Opening at a theatre near you this weekend: humanity has a new threat to fear in the prequel to the famous franchise, Rise of the Planet of the Apes; and Ryan Reynolds and Jason Bateman star in the unfortunate comedy, The Change-Up.
Despite what should have been another disastrous Planet of the Apes movie, like Tim Burton’s terrible film from 2001, director Rupert Wyatt has accomplished something impressive with his simian prequel, and that is largely thanks to one actor and a cleverly paced plot.
Set in a reasonable facsimile of the present, in a world where we’re ready to send Earth’s first manned mission to Mars, Rise of the Planet of the Apes has James Franco playing the scientific brainiac Will Rodman, a researcher trying to discover a cure for Alzheimer’s disease.
Working with apes in a private scientific facility, Will has developed a serum that can actually reverse damage done to the brain, but when a disaster leaves his star ape dead, he doesn’t know what to do until he finds a surprise: a baby ape that he names Caesar.
Caesar, played expertly by Andy Serkis through the motion capture process, was never experimented on with Will’s drug, but as the offspring of one of Will’s apes, he has inherited the effects of the drug which makes him much smarter than any other animal. Although Will was supposed to have all of the apes put down after the failed experiment, he keeps Caesar secretly in his home while he cares for his father Charles, played by John Lithgow, who is suffering from Alzheimer’s.
Over the years, Caesar grows up, and as Charles’ condition worsens, Will takes a leap of faith and gives his experimental drug to his father, which, for a time, reverses the effects of the disease. Unfortunately, the effects are not permanent, and when the drugs seems to be wearing off completely, Will starts developing a much more virulent drug that he hopes will be able to permanently cure Alzheimer’s, but he doesn’t realize exactly what he’s creating.
Meanwhile, Caesar has grown up, and he’s becoming more thoughtful, adventurous, and slightly dangerous as his violent tendencies take over. It’s after one incident that Caesar goes too far, leading to his eventual capture, which forces him into confinement with a large group of other apes that immediately seem to dislike him.
Following Caesar’s life almost completely from birth to his fateful rise to full awareness and power, Wyatt’s film is much more of a drama than the trailers may have you believe, and that centres squarely on Serkis’ performance. As before, in Lord of the Rings and King Kong, Serkis delivers a powerful performance, but this time he is given the opportunity to go even further with this emotional portrayal of this creature that is going through a metamorphosis like no other. It would be impossible to imagine this film without Serkis, who delivers what I can only call an award-worthy performance that is sweet and dark at the same time.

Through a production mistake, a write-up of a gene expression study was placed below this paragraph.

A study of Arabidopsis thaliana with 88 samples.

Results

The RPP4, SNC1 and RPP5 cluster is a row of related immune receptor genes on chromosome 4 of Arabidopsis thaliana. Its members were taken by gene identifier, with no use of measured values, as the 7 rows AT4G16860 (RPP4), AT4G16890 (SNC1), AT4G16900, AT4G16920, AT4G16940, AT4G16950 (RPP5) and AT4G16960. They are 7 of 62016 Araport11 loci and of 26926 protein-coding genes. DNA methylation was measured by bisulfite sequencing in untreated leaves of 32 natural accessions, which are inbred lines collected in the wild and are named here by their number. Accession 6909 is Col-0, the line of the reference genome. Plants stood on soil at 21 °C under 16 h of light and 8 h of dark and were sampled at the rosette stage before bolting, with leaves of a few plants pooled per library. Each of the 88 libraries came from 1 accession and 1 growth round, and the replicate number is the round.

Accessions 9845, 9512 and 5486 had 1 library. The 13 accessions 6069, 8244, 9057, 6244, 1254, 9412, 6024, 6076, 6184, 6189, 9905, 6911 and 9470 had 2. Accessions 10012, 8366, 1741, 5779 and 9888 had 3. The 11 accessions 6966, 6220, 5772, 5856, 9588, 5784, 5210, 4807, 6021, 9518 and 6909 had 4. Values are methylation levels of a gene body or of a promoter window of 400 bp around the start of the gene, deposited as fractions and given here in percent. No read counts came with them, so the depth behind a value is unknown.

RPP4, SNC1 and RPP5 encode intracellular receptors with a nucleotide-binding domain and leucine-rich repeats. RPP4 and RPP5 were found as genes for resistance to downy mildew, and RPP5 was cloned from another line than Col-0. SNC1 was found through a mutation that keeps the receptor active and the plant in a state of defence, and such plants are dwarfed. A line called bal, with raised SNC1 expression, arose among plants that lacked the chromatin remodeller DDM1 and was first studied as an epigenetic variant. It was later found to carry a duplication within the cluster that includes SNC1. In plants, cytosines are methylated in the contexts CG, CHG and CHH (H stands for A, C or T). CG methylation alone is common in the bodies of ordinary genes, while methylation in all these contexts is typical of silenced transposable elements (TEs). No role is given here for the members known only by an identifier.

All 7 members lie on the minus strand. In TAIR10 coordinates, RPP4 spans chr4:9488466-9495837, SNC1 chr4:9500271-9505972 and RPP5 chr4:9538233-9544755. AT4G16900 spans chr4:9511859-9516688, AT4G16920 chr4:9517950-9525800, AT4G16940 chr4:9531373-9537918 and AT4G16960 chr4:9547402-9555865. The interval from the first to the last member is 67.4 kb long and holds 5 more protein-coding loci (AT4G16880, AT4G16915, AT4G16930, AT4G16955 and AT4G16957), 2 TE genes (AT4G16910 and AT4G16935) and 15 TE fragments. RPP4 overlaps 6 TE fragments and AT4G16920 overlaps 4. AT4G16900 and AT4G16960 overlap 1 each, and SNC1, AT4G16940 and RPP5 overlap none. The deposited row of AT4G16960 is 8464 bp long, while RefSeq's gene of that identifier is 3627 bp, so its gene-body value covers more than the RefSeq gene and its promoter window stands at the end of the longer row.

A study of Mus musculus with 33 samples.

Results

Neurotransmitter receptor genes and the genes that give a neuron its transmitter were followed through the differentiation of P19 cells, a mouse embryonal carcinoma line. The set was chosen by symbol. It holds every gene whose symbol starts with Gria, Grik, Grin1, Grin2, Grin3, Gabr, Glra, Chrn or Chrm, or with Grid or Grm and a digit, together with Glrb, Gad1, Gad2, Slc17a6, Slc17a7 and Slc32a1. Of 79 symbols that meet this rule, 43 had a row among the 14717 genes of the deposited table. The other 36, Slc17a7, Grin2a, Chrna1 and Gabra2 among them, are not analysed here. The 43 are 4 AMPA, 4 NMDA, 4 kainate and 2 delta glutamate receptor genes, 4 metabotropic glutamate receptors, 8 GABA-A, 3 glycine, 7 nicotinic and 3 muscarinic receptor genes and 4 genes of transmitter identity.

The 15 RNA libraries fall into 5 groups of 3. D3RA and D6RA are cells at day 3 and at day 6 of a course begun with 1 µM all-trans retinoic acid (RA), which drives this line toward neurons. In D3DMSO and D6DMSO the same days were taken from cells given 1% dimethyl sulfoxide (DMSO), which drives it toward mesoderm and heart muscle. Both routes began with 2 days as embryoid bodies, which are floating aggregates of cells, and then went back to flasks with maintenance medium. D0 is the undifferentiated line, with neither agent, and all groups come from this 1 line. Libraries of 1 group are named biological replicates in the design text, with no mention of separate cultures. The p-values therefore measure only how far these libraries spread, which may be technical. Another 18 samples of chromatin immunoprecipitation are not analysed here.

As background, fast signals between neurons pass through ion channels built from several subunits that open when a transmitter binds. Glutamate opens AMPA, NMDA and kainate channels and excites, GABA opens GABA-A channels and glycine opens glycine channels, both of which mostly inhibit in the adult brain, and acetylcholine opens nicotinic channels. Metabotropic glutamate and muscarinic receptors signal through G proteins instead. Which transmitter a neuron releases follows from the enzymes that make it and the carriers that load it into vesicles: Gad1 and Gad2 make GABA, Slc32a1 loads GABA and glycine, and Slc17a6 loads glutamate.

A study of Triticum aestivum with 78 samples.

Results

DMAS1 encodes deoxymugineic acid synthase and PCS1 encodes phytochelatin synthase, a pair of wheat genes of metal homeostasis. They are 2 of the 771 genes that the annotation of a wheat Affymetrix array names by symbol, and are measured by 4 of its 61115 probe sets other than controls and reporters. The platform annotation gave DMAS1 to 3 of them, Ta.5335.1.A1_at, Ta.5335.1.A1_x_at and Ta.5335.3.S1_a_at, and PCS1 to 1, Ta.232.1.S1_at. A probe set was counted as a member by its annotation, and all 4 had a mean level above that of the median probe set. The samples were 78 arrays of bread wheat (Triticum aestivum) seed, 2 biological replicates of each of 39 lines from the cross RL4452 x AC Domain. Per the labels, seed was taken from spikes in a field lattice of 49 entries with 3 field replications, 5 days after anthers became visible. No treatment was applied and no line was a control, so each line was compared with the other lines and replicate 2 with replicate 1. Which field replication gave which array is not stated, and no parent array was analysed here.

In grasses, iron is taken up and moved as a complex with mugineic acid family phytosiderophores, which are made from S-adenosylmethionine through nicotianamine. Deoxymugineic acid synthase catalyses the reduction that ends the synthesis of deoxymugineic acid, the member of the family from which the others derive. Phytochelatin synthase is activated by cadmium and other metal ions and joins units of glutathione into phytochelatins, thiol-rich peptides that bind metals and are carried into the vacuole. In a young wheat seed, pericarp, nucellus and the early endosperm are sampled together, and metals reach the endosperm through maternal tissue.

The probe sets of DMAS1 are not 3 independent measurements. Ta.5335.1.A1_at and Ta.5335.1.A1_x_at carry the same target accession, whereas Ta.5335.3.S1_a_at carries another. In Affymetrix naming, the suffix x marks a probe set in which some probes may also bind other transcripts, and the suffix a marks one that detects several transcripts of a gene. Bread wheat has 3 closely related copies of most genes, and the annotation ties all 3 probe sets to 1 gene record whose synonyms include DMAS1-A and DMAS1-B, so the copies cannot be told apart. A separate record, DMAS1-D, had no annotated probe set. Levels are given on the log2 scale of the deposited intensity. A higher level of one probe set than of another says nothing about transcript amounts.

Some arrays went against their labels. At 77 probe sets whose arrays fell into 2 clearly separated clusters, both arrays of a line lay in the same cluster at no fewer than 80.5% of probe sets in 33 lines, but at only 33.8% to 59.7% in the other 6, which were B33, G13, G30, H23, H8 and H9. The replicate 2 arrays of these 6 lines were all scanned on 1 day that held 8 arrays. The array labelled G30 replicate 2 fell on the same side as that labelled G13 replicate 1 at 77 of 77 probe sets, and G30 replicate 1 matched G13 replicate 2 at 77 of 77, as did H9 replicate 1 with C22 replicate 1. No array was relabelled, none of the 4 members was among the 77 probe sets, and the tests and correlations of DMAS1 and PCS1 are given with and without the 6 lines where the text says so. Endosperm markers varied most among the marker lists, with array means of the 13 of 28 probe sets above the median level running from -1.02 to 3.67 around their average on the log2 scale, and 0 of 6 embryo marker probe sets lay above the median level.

The rest of the cast is unfortunately not quite as awe-inspiring, although Franco does at least turn in a better performance than he did on the Oscar broadcast. Franco, Lithgow, and even Brian Cox and a bullying Tom Felton deliver adequate performances, and even have a few shining moments, but they are overshadowed by Serkis in every way, although I would blame part of that problem on the frequently cookie-cutter dialogue.
Likewise, I can’t help but point out that Rise of the Planet of the Apes has a silly plot, featuring an all-important MacGuffin–the thing that gives science fiction films a driving premise–that feels like it might have been inspired by 12 Monkeys. Wyatt’s strength though is his ability to make Caesar’s story compelling, and that is what makes this film work in setting up what I can only imagine to be a new future for the Planet of the Apes franchise. By far the film’s most amazing moments are when we are watching Serkis work this character, and when we finally see the power of the apes against humanity.
Enjoyable though it was, the ending left me feeling like this film didn’t have enough plot to work with, which also makes this prequel feel like it needed to be propped up against a larger story. No doubt a remake of the original Planet of the Apes will fill that need in the future, but as the film stands, it is best enjoyed as a sometimes jokey reference to the original film, and through Serkis’ wonderful performance as the future leader of Earth’s dominant species to-be.
Also opening this week is the unfortunate, juvenile comedy, The Change-Up, starring Ryan Reynolds and Jason Bateman as two friends that inadvertently switch bodies when they both wish they could be the other person.
Reynolds of course plays the ladies man who moves from woman to woman without any attachment, while Bateman is the responsible married man who has a caring family, but of course both of them wish they could do something different and poof, that’s what happens.
Getting slammed by the critics this week, The Change-Up is looking like a sad mistake for both Reynolds and Bateman, two of my favorite actors who clearly chose a bad film this time out.
Stephen Holden of the New York Times wrote, “The body-swapping premise, which is stale to begin with, isn’t explored with any depth, unless you find meaningful Freudian subtext in the movie’s relentless anal fixation.”
While Roger Ebert of the Chicago Sun-Times wrote, “It has a low opinion of men, a lower opinion of women, and the lowest opinion of the intelligence of its audience.”